A heartbreaking scene unfolded in early May this year when Howard Shearer, an operations specialist at the Orange County Landfill, noticed a young red-tailed hawk injured on the side of the road after the landfill had closed.
Quick-thinking Shearer retrieved a carrier the Orange County Utilities Solid Waste Division keeps for occasions like this.
The once majestic bird appeared stunned, so Shearer was able to get it safely into the carrier and kept the hawk in the landfill operations building overnight.
Brian Clark, an environmental specialist for the Solid Waste Division, transported the hawk to the not-for-profit Audubon Center for Birds of Prey in nearby Maitland the next morning. The center focuses on the rescue, medical treatment, rehabilitation and release of Florida’s raptors.
There, the hawk was examined and an X-ray helped determine that one wing was fractured. A wound on his body was also discovered and treated. While there was no way to definitively identify the cause, based on the injuries, the specialists at the center deduced the hawk had likely been hit by a truck.
The fractured wing was immobilized and the hawk was kept in a small enclosure to allow the wound and wing to heal.
Once it was determined the hawk’s wing had healed, the next task was to condition the bird so he would be strong enough to fly and survive once released. This was accomplished by increasing the size of the enclosures to allow more room for him to build strength and stamina. Eventually, he was placed into a 50-foot flight cage where his flight was closely monitored.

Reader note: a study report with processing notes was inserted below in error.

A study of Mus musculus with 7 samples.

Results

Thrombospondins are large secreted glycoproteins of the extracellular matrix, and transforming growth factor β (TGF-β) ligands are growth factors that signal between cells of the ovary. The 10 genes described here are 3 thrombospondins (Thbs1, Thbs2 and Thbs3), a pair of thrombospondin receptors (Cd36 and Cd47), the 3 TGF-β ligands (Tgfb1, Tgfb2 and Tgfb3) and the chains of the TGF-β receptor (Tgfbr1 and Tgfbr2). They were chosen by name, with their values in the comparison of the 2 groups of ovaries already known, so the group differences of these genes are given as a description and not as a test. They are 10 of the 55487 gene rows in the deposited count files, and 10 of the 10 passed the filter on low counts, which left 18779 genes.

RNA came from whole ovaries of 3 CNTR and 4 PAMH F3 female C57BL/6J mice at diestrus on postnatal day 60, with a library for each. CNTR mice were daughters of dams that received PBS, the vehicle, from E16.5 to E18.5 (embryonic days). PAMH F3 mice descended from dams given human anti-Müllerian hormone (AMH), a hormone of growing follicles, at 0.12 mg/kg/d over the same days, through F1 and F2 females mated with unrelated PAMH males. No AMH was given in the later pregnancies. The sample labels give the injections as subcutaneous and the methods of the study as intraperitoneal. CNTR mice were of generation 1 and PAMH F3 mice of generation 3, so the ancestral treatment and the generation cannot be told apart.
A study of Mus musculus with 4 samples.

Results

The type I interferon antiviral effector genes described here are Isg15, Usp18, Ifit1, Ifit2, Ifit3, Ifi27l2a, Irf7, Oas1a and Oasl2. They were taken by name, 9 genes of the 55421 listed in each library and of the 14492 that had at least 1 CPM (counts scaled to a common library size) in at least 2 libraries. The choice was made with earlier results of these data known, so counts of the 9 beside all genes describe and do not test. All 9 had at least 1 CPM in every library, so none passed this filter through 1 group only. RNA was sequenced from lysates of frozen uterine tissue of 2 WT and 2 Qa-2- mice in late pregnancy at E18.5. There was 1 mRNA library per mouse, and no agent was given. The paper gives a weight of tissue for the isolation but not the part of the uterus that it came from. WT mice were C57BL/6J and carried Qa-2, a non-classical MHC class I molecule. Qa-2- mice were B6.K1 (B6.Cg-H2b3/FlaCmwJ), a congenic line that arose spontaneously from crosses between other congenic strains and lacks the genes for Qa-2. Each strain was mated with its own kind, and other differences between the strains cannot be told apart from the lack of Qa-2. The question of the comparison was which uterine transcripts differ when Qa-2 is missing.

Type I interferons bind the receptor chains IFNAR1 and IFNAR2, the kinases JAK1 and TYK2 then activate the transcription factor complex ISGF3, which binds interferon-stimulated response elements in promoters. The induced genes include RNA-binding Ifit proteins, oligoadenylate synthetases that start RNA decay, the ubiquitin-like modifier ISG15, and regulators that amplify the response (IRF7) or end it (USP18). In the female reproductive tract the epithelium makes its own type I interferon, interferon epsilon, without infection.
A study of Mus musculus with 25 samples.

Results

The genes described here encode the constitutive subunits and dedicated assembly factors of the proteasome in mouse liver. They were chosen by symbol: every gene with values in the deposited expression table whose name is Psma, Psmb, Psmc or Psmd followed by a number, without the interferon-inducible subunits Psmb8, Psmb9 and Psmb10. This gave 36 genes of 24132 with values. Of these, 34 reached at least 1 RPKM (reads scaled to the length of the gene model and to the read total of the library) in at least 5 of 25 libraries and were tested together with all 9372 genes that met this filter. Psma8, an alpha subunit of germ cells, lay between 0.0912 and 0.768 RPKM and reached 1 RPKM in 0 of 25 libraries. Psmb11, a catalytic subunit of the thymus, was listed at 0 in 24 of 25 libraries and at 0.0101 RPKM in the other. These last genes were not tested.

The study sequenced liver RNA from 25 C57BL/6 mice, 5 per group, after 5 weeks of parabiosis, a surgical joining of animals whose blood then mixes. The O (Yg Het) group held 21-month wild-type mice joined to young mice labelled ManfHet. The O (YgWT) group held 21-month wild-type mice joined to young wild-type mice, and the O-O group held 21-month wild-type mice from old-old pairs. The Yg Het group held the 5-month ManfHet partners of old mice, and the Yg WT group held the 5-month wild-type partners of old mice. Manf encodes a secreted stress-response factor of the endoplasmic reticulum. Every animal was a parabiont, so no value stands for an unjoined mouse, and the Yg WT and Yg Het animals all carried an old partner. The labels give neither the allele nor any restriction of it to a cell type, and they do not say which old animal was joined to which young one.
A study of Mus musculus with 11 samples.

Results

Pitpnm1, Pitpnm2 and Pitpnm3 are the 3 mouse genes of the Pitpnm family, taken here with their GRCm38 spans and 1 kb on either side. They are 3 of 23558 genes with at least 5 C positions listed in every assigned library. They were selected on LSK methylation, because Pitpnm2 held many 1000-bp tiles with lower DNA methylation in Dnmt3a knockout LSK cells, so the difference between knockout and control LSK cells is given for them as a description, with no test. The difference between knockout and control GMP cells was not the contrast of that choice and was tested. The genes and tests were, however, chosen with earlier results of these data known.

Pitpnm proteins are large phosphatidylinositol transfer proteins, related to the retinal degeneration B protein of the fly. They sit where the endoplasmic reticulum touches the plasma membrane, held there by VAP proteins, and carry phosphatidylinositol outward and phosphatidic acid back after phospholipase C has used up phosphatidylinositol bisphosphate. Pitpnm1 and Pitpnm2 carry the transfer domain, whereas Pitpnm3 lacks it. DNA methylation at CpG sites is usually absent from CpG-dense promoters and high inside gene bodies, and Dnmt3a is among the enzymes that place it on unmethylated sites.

Due to the stress of the injuries and length of recovery, he also lost most of his flight feathers, which had to regrow in order to for him to fly correctly.
Finally, in late July, he was cleared for takeoff and ready for release.
The rehabilitated hawk was taken back to the landfill and reunited with Shearer, who had the honor of releasing him back into flight. While it took the hawk a moment to get his bearings, he quickly recovered and mightily spread his wings for a takeoff to the north.
“It was very gratifying to see such different groups work together to rescue, treat and release such a marvelous bird,” Shearer said.